Many of the fitness tests described on this site require specialist equipment or training, however not all do. There are some tests that can simply be performed at home with minimal equipment that you can find around the home. The following tests are designed to quickly gauge a person's general fitness level and to act as a benchmark for future testing. After taking the test, you may wish to train for a few months. Then, take the test again and compare the results.
Simple descriptions of these tests are provided below. As it is not always possible to do the test exactly as described, you just have to make sure you are consistent and do the exercise the same way each time you do it. Then use the results as a benchmark for future testing. The example results provided for the tests are based on doing the tests a specific way, and may not be accurate if the tests are modified at all. Don't let this worry you, just try and improve your own score.
The test is divided into six sections. Do each test with plenty of rest between so that you are fully recovered. The tests are in a recommended order, but does not have to be done strictly like this. Do a warm up first.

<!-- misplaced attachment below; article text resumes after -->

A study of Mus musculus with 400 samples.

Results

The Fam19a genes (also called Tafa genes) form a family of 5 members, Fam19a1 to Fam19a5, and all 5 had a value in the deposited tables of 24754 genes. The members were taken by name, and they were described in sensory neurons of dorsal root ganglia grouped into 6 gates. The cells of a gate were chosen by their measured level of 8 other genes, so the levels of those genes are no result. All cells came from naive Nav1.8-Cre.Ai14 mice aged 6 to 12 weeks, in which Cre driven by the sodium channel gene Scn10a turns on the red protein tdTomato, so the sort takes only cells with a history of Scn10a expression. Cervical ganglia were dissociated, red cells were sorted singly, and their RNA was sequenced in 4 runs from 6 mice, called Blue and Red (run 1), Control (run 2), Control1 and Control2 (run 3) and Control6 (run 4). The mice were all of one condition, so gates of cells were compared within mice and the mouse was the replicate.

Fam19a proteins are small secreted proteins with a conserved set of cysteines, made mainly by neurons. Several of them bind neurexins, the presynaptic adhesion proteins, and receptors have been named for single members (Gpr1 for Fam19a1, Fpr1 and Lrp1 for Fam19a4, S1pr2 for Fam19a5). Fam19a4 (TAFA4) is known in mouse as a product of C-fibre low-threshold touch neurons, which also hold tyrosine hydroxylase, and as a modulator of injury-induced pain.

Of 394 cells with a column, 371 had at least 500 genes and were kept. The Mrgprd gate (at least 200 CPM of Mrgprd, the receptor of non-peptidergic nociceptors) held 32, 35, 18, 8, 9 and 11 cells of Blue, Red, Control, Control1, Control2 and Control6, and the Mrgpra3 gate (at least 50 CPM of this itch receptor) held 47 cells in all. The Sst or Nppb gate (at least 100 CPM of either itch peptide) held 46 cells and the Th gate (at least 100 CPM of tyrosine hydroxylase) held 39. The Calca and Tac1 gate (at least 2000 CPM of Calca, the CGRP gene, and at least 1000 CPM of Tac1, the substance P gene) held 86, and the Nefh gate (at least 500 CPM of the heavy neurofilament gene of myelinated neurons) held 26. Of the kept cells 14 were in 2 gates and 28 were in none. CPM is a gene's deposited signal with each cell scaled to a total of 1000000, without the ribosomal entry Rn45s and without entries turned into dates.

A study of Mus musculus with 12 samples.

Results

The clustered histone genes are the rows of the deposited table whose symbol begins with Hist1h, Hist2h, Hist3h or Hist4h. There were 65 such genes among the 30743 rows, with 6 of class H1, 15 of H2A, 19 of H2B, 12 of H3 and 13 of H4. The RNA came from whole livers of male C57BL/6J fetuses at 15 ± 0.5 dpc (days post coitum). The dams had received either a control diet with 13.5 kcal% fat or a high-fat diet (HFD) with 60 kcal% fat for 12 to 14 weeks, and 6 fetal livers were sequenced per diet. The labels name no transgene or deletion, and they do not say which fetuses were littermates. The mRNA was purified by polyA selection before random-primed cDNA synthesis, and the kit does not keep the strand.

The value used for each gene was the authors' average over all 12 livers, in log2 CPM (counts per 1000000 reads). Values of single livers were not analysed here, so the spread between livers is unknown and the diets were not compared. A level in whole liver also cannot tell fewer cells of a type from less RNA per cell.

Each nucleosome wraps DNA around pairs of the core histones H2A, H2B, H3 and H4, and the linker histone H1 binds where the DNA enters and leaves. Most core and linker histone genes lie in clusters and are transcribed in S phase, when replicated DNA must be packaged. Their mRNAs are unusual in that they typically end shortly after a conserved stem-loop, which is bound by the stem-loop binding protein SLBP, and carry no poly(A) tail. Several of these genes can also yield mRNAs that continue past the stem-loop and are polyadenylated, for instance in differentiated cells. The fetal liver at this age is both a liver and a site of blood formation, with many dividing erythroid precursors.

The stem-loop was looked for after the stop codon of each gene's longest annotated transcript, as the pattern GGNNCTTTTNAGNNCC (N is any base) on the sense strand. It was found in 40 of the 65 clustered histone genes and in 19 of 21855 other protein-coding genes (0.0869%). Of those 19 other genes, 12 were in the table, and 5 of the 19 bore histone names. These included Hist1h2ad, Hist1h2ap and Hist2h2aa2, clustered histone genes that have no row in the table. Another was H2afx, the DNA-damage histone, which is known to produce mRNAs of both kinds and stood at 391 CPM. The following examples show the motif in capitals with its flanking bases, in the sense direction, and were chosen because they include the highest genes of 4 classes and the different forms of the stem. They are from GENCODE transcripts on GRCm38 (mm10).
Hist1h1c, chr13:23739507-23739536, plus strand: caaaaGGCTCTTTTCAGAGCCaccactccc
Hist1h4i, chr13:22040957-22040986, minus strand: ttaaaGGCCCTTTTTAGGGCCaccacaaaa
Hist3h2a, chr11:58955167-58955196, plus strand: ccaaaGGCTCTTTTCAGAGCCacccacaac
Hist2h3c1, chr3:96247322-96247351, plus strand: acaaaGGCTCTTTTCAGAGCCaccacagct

- Push ups to test upper body strength.
- Sit ups to test abdominal or trunk strength.
- Squats to measure lower body strength.
- Vertical Jump to measure leg explosive power.
- Step test to measure aerobic endurance.
- Sit & Reach to measure flexibility.
Download your free copy of the Home Fitness Testing Manual — a guide for you to plan, conduct, analyze and interpret fitness testing at home.
- About the Home Fitness Testing Manual
- Are You Fit? Some simple tests to assess your fitness level
- A Home Fitness Testing Kit — the basics required for you to test yourself at home
- See the Fitness Test List for the complete range of fitness tests.